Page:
Great Media Quotes

Great media quotes are often carefully crafted and designed to catch the headlines – but not always.

The MD of The Media Coach, Lindsay Williams, likes to remind her clients that speaking at the top of the ‘Language Ladder’, as she calls it, won’t get you quoted in the press and might actually lead to distrust. Whereas speaking at the bottom of the ladder – in simple colloquial language – has the opposite effect.

Great media quotes take a local story international

I was reminded of this in a story that started as local news and eventually received international attention. You may remember the Market Deeping Model Railway Club who had their exhibition at Stamford in Lincolnshire, vandalised a few weeks ago. The story first appeared on Twitter, quickly spread to the local paper (Stamford Mercury) and then within a few hours it hit the BBC, Guardian and Daily Mail websites. An online crowdfunding appeal was also launched.

Great media quotes

I think the story spread so quickly for two reasons – photographs and good quotes. There were a couple of pictures showing what looked like a tornado had torn through the school hall leaving once detailed layouts, model stations and engines smashed into matchwood. Without these pictures, I doubt the story would have spread as quickly as it did. But the thing that really made this story stick for me was the quotes from the model railway club members.

Great media quotes: metaphor, alliteration and emotion

These were people with no PR advice and probably no knowledge of the importance of having a couple of clear, thought through messages to hand. The club chairman Peter Davies spoke from the heart when he said, “We are devastated and distraught. Can you imagine your life’s work wrecked? They left it like a bomb site”.

He continued, “I have never experienced anything like it, a hurricane would have done less damage”.

Finally, talking of the loss of years of effort in making detailed model trains he said, “There were grown men with tears in their eyes because of what had been done, and I was one of them.”

The directness of the language, the constant use of the first person ‘I’ and the colourful use of what we would call picture words such as: ‘bomb site’ and ‘hurricane’ all made for quotes that would be repeated again and again across many news channels. There was even a bit of alliteration with ‘devastated and distraught’. All of this came from a man who did not have experience in crafting quotes but instead found himself speaking from the heart at a time of great stress. The lesson here is not to overcomplicate our quotes but simply to try getting the colour and grit of straightforward language into our messages. It really does hit home with just about any audience and we should all think about using it more often.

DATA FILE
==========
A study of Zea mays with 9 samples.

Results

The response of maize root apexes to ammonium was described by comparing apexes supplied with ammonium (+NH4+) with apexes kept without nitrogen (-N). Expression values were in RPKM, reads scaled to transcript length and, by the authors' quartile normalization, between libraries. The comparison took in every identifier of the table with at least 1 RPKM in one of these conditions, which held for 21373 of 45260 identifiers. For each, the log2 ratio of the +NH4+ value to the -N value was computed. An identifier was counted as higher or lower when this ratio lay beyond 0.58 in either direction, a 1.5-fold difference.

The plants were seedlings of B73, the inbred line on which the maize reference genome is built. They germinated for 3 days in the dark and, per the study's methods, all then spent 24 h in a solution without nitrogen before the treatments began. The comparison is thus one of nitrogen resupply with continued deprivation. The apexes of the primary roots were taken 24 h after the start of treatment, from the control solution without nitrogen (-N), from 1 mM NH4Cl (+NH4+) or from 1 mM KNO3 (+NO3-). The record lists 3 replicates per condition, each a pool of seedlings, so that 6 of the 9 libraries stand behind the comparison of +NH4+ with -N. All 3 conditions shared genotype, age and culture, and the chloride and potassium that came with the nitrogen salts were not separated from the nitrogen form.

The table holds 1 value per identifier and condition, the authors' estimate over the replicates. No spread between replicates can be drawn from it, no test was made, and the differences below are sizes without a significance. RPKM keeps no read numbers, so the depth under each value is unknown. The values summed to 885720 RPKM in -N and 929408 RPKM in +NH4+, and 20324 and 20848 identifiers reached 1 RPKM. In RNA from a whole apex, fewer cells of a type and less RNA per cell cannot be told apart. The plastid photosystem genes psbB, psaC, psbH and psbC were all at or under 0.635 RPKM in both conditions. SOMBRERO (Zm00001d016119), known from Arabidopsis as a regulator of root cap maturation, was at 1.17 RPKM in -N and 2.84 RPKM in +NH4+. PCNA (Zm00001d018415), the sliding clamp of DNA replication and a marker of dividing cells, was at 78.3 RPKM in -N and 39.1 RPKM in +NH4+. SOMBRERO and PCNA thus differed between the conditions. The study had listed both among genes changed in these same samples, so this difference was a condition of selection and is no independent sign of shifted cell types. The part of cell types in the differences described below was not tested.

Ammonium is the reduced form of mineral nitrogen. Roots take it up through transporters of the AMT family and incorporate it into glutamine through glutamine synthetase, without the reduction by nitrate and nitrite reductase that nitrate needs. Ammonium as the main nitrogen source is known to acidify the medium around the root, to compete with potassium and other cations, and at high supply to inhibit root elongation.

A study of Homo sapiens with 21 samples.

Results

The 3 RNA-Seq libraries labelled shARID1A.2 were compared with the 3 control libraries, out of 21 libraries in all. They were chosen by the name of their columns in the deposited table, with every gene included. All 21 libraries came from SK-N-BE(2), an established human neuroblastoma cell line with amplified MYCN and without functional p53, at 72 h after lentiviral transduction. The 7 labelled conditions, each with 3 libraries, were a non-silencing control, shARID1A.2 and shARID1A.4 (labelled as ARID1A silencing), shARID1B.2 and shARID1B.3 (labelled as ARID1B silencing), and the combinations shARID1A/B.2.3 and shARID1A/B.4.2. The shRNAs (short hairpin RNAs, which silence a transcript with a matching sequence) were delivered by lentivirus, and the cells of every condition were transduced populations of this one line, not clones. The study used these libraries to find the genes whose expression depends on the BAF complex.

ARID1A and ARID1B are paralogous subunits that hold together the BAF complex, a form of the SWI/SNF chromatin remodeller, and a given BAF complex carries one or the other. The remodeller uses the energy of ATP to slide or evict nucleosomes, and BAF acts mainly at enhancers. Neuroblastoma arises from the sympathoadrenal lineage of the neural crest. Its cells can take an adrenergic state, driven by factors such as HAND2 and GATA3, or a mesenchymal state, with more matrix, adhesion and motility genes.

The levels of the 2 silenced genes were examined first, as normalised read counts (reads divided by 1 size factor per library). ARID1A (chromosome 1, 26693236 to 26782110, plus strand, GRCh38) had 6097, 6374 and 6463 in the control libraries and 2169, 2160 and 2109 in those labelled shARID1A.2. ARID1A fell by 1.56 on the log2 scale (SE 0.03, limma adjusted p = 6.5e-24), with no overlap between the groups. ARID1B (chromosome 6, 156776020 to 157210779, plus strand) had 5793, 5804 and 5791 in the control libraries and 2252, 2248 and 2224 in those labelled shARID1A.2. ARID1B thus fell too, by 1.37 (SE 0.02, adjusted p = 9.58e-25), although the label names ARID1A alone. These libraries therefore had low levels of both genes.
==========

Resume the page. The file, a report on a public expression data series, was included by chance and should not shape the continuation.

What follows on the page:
In this case, the extensive media coverage led to a happy ending: so far more than a £100,000 has been donated to the club by well-wishers.

 

About David Gridley

David Gridley runs his own video production company. Since creating his own company in 1997, David has grown his client base to include many public and private sector companies, including The Metropolitan Police, The Bank of England, Future Publishing, The Royal College of Psychiatrists, and Bechtel. Today he has on hand a stable of professional cameramen and editors who work with a wide range of clients in both the UK and Europe. David provides The Media Coach with camera people for Media Training, as well as filming and editing facilities for corporate and web-based projects.